Regional Gardening Reports :: National Gardening Association

In the Garden:
Rocky Mountains
February, 2004
Regional Report


Bring on The Butterflies

No matter how long you've been gardening in the Rockies, there is something special about watching butterflies in the garden. These colorful, fluttery garden visitors are a welcome sight as they sip nectar from the flowers.

Encouraging butterflies to the landscape is surprisingly easy if you plan accordingly. You'll need to provide a desirable environment that gives them shelter, a variety of nectar-rich flowers for the adults, and food plants for the young caterpillars.

Designing for Butterflies
Keep the design simple. Plant in a mostly sunny location that's sheltered from the wind. The more flowers you have, the more you are likely to attract a wide variety of butterflies. Provide some moist or damp areas for the male butterflies that need sodium and other nutrients derived from the soil. A shallow puddle somewhere nearby will do the trick. During a sunny day these moist areas can attract a large number of butterflies at the same time, a phenomenon that entomologists call "puddling."

Most butterflies prefer shelter from the high winds. Wind causes them to expend a lot of energy while feeding and mating. Small trees and shrub borders can help to provide a suitable physical environment for the winged marvels.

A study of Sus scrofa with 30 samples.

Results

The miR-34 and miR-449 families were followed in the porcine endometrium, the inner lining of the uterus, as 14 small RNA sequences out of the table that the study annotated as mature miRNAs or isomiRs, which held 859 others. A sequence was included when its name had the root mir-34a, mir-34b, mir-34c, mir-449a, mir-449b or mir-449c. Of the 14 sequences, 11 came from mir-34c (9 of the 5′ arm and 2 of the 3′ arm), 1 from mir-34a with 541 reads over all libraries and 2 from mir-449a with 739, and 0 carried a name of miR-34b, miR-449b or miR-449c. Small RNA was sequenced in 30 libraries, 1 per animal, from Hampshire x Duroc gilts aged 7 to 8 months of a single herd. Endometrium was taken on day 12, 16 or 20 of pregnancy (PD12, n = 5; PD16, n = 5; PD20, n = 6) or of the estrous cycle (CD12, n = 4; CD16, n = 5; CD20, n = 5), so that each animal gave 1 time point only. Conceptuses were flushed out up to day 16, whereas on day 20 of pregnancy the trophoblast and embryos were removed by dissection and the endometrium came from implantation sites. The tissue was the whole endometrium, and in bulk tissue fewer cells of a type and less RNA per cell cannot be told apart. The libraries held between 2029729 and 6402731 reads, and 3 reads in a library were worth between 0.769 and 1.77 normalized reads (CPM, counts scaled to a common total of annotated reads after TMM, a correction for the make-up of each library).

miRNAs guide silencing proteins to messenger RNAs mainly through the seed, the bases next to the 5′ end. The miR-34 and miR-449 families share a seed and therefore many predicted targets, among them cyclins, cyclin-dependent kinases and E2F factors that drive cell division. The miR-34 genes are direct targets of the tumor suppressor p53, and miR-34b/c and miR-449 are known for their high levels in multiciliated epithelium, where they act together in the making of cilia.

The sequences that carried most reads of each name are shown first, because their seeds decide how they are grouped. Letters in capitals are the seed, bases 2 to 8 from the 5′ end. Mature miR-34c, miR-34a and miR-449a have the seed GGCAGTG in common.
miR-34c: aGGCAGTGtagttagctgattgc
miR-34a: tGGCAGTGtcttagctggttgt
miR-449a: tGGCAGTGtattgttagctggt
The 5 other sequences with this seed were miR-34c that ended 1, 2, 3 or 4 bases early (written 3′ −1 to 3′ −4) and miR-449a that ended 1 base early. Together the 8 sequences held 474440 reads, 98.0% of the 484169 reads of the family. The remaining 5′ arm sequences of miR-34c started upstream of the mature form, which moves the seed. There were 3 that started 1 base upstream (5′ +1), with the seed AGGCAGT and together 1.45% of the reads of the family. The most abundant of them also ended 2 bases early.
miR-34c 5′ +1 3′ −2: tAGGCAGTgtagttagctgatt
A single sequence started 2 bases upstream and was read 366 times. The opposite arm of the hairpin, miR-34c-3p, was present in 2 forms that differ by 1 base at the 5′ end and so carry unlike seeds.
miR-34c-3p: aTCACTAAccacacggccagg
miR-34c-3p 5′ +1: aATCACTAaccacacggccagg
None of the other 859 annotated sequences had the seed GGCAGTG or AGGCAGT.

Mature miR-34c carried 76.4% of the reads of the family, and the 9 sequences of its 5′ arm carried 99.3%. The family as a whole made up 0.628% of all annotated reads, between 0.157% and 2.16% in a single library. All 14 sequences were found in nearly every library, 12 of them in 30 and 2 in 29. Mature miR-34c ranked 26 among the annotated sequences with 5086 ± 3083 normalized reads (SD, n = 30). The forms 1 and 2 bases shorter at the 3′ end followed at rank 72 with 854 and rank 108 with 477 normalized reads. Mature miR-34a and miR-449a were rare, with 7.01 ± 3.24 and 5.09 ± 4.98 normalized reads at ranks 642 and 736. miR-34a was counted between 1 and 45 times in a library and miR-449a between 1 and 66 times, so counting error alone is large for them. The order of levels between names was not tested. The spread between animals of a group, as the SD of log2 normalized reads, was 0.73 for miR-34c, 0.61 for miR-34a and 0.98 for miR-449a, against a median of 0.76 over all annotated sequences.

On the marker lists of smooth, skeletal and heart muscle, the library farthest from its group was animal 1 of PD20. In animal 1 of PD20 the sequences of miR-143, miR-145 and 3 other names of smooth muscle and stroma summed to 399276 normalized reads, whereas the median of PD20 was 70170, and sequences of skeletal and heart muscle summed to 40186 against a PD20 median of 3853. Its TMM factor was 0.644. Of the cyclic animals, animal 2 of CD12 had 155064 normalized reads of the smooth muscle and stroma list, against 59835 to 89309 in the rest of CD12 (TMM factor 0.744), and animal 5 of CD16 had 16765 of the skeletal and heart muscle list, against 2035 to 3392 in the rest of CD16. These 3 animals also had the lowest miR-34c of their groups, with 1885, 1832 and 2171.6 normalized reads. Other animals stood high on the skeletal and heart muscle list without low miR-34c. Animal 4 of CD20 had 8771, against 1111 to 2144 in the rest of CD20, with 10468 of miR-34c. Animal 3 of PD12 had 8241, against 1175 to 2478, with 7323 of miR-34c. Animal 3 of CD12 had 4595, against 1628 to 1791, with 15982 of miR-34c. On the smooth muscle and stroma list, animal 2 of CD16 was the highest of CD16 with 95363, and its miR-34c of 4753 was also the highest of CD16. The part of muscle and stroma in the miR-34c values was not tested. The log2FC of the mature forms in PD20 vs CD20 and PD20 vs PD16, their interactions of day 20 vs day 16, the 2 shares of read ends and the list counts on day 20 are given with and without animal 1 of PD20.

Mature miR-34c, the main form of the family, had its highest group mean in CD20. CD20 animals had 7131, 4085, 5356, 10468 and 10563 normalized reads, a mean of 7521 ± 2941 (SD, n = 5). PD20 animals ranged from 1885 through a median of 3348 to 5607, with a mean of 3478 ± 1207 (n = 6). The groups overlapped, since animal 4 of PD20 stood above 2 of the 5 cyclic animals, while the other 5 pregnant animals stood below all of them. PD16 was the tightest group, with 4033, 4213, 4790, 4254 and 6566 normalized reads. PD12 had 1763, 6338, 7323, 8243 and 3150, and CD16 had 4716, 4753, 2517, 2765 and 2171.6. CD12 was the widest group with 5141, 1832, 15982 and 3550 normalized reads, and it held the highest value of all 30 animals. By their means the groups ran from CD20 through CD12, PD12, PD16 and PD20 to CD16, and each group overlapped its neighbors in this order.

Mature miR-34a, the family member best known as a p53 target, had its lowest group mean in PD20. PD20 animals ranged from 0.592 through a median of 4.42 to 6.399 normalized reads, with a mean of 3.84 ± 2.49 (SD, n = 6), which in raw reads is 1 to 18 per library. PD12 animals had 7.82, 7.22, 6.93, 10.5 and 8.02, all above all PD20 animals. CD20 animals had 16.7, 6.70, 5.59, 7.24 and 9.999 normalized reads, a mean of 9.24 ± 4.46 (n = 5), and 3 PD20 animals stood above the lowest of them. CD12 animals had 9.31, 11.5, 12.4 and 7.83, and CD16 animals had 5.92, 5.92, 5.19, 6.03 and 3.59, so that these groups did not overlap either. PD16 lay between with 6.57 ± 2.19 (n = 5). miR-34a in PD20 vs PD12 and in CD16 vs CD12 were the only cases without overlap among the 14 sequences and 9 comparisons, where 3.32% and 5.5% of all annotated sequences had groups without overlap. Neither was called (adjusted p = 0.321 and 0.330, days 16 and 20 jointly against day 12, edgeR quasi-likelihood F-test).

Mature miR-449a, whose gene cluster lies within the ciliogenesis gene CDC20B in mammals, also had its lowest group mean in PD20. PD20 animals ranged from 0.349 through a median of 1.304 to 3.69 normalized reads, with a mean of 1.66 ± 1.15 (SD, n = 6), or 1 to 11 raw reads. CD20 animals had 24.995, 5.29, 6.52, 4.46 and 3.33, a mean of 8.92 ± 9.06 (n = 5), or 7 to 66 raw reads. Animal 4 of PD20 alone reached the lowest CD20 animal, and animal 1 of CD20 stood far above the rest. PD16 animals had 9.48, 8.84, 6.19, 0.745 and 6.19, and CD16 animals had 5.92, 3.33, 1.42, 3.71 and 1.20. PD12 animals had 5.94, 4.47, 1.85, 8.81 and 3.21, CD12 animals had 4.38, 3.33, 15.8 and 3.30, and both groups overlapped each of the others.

As you design the butterfly habitat, aim for an abundance of flowers that will provide a continuous source of food. Plant a combination of annual and perennial flowers, and try to stagger the flowering season so that some flowers are in bloom all the time.

Don't forget about plant heights. For example, in our butterfly garden we've placed the taller-growing butterfly bush (Buddleia davidii), in the background of the garden. This provides a windscreen as well as a nectar-rich food source. The intermediate area is the visual focal point -- the place where perennials and annuals are featured. In the very front of the garden, we plant the lower-growing annuals, such as salvias, marigolds, Peter Pan zinnias, and alyssum.

Many different plants are well suited to the Rocky Mountain region and very enticing to butterflies. Some good choices are: annual and perennial asters, butterfly weed (Asclepias tuberosa), butterfly bush, lilacs, potentillas, rabbitbrush (Chrysothamnus), cosmos, daylilies, marigolds, verbenas, and zinnias.

Attracting Your Favorites
If you'd like to attract particular kinds of butterflies to your yard, following are some favorite plants of some specific butterfly species:
* Monarch: daylilies, cosmos, zinnias, rabbitbrush, and milkweed
* Two-Tailed Swallowtail: geraniums, daylilies, and thistle
* Western Tiger Swallowtail: zinnias, lilacs, butterfly bush, thistle, and milkweed
* Black Swallowtail: butterfly weed, alfalfa, and thistle
* Clouded Sulfur and Orange Sulfur: phlox, asters, marigolds, rabbitbrush, and zinnias
* Checkered Skipper: asters, verbena, dandelions, and thistle
* Painted Lady: grape hyacinth, cosmos, poppies, zinnias, and alfalfa
* Silver-Spotted Skipper: lilacs, dogbane, sweet peas, and zinnias

If you want to observe all the stages of a butterfly's life, include plants that will support the larval stages or young caterpillars. It's on these plants that the adult butterflies will lay their eggs and the emerging larvae will feed.

Most often it's the weeds that are the perfect larval food sources for butterfly caterpillars. Monarch butterflies, for example, lay their eggs on the foliage of the common milkweed because that's the only food the larvae will eat. So you'll have to compromise and allow a few weeds to grow among the flowers.